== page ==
When Arthur Golden wrote his bestselling first novel Memoirs of a Geisha, he had to leap through three cultural barriers: gender, culture and time.

It took Golden nearly nine years to make those leaps into his novel, a fictional biography of sorts of a Japanese geisha in the 1930s and '40s.

That's no small feat for a white male who grew up in Tennessee and lives in Boston, but Golden was so convincing in giving life to Nitta Sayuri that many people often believe the character is real, he told a crowd of 200 Wednesday night at the University of South Florida.

Now the Ivy League-educated Golden finds himself staring across another huge cultural abyss. This time, it's between his life as a writer-scholar and the role that fame thrust upon him: Hollywood mover and shaker.

Columbia Pictures has the movie rights to Memoirs of a Geisha. Steven Spielberg is directing. And rumor has it that Madonna would have given away that fake British accent she has for a role in the film.

Golden, who spoke to USF students and area fans Wednesday night as part of the University's lecture series, said that he has "no role whatsoever" in the movie's decision process. But he reassured the crowd that no World War II-era Japanese geisha would be played by an Italian-American pop singer from Detroit.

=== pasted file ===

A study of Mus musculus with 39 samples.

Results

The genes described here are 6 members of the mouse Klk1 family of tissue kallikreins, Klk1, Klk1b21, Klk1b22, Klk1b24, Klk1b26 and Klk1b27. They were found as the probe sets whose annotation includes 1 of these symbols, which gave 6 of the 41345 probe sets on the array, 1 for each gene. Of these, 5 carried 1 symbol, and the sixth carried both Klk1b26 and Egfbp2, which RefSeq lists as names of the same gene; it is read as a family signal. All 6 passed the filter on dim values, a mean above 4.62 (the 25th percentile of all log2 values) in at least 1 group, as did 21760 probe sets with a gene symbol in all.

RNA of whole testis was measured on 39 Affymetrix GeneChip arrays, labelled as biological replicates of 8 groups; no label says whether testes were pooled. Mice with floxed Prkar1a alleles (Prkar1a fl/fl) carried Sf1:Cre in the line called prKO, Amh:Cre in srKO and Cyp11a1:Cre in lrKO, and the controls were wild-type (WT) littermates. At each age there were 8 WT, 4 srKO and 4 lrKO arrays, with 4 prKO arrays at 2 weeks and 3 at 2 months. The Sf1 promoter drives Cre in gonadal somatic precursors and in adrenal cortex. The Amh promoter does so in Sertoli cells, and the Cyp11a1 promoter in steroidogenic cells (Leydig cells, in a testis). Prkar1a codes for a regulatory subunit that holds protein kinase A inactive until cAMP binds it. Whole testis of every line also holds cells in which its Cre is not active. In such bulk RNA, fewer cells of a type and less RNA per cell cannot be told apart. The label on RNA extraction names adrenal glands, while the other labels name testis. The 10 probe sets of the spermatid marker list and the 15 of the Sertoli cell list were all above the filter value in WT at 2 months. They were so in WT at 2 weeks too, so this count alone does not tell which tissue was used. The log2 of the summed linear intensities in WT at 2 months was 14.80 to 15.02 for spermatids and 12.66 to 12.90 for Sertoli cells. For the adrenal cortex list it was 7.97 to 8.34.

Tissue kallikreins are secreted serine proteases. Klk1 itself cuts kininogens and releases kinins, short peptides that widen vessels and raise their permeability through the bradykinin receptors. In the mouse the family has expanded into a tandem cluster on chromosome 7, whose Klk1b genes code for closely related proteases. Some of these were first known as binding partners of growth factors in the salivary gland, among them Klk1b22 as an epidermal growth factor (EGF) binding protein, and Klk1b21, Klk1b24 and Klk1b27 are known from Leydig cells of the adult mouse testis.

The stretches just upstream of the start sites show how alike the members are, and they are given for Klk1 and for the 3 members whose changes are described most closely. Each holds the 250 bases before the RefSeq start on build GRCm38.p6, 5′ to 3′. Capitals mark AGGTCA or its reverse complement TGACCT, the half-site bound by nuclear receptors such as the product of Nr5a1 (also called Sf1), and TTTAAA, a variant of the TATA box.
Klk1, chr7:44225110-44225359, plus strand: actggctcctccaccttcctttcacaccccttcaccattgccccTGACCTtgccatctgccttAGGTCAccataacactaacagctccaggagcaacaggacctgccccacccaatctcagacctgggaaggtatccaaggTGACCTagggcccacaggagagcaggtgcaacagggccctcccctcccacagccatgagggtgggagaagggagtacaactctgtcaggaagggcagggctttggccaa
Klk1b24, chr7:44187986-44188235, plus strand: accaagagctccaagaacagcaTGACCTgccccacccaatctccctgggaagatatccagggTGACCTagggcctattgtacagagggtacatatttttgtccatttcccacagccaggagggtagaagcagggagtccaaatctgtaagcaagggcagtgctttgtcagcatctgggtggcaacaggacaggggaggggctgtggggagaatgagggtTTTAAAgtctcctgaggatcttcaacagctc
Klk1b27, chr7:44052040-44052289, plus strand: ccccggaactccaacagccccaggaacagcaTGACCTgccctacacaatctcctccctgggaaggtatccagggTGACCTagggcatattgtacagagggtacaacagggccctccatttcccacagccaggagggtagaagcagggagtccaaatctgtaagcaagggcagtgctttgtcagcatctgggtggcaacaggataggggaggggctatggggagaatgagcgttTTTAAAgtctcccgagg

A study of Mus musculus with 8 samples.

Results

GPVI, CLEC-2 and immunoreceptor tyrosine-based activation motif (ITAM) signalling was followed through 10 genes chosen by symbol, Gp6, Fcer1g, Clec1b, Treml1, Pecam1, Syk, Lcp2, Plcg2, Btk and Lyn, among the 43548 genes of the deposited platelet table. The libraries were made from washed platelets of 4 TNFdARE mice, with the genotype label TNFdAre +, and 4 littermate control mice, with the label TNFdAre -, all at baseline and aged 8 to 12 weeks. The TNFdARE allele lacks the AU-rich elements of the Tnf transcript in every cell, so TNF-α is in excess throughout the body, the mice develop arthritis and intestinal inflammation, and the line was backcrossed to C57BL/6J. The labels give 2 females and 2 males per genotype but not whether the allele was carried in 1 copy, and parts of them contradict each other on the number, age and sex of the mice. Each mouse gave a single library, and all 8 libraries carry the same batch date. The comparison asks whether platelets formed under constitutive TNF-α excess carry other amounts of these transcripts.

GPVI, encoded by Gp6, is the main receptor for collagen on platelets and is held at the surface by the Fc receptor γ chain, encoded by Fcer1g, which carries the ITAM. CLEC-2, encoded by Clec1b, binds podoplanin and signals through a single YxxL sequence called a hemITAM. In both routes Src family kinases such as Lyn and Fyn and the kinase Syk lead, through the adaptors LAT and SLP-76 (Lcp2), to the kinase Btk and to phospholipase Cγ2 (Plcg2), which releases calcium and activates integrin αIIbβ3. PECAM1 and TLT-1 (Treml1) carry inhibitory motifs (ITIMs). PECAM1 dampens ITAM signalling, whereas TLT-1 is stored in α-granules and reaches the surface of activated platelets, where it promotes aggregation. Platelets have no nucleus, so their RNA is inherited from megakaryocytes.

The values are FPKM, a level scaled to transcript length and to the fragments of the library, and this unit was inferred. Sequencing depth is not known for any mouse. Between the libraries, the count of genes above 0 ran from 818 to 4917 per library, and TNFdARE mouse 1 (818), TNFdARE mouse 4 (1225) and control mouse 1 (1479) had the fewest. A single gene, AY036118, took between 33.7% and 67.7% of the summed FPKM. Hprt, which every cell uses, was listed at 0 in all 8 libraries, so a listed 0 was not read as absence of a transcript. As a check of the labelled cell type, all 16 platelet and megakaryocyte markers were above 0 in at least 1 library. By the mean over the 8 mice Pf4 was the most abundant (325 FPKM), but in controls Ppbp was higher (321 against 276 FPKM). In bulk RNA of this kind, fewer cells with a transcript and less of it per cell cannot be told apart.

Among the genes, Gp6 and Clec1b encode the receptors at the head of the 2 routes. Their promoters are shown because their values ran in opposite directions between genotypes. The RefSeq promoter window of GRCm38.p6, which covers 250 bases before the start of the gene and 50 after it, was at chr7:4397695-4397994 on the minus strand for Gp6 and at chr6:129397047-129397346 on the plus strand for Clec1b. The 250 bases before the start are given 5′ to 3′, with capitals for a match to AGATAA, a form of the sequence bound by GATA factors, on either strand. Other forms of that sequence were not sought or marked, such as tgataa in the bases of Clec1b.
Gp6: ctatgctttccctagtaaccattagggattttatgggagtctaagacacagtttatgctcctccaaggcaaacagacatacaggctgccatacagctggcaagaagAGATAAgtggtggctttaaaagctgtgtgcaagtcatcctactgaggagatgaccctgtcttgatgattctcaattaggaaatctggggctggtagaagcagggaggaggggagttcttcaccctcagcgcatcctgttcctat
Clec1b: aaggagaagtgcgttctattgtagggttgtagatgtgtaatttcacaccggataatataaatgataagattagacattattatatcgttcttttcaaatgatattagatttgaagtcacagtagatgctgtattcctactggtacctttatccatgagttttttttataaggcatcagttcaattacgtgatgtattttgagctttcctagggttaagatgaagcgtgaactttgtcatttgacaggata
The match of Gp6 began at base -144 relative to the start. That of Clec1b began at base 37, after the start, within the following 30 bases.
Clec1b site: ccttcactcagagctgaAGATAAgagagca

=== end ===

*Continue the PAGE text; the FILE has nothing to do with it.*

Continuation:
"After it went on the best-seller list, a lot of very unexpected things started happening. Hordes of them," Golden said. "I spent years writing something that at times I never thought anyone would ever read . . . that people like Madonna would react that way astonished me."

But the most astonishing thing to Golden was Hollywood's reaction. Before the book came out in November 1997, Golden didn't own a cell phone.

When the book started selling and Golden started traveling, he bought one. On that new cell phone, he got the call from his agent telling him that Columbia Pictures bought the movie rights to his book. He had just checked into a Miami hotel for a writer's conference and was so excited he called his editor from his cell phone in the lobby.

"She said, "Congratulations. You've just become an a--hole,' " Golden said. " "What?' She said, "You're walking across a hotel lobby talking on a cell phone about your movie deal.' "

That was just the first of many "Hollywood moments," as Golden calls them. Next came the time Columbia flew him from Boston to Los Angeles "for lunch."

"I live in Boston," he said. "I'd been as far west as Wellsley for lunch, but that's about it."

The ultimate moment came when he got the call in April that Steven Spielberg wanted to direct Memoirs of a Geisha.

"It was about the 20th of April," Golden said. "But I was convinced it was an April Fools' joke."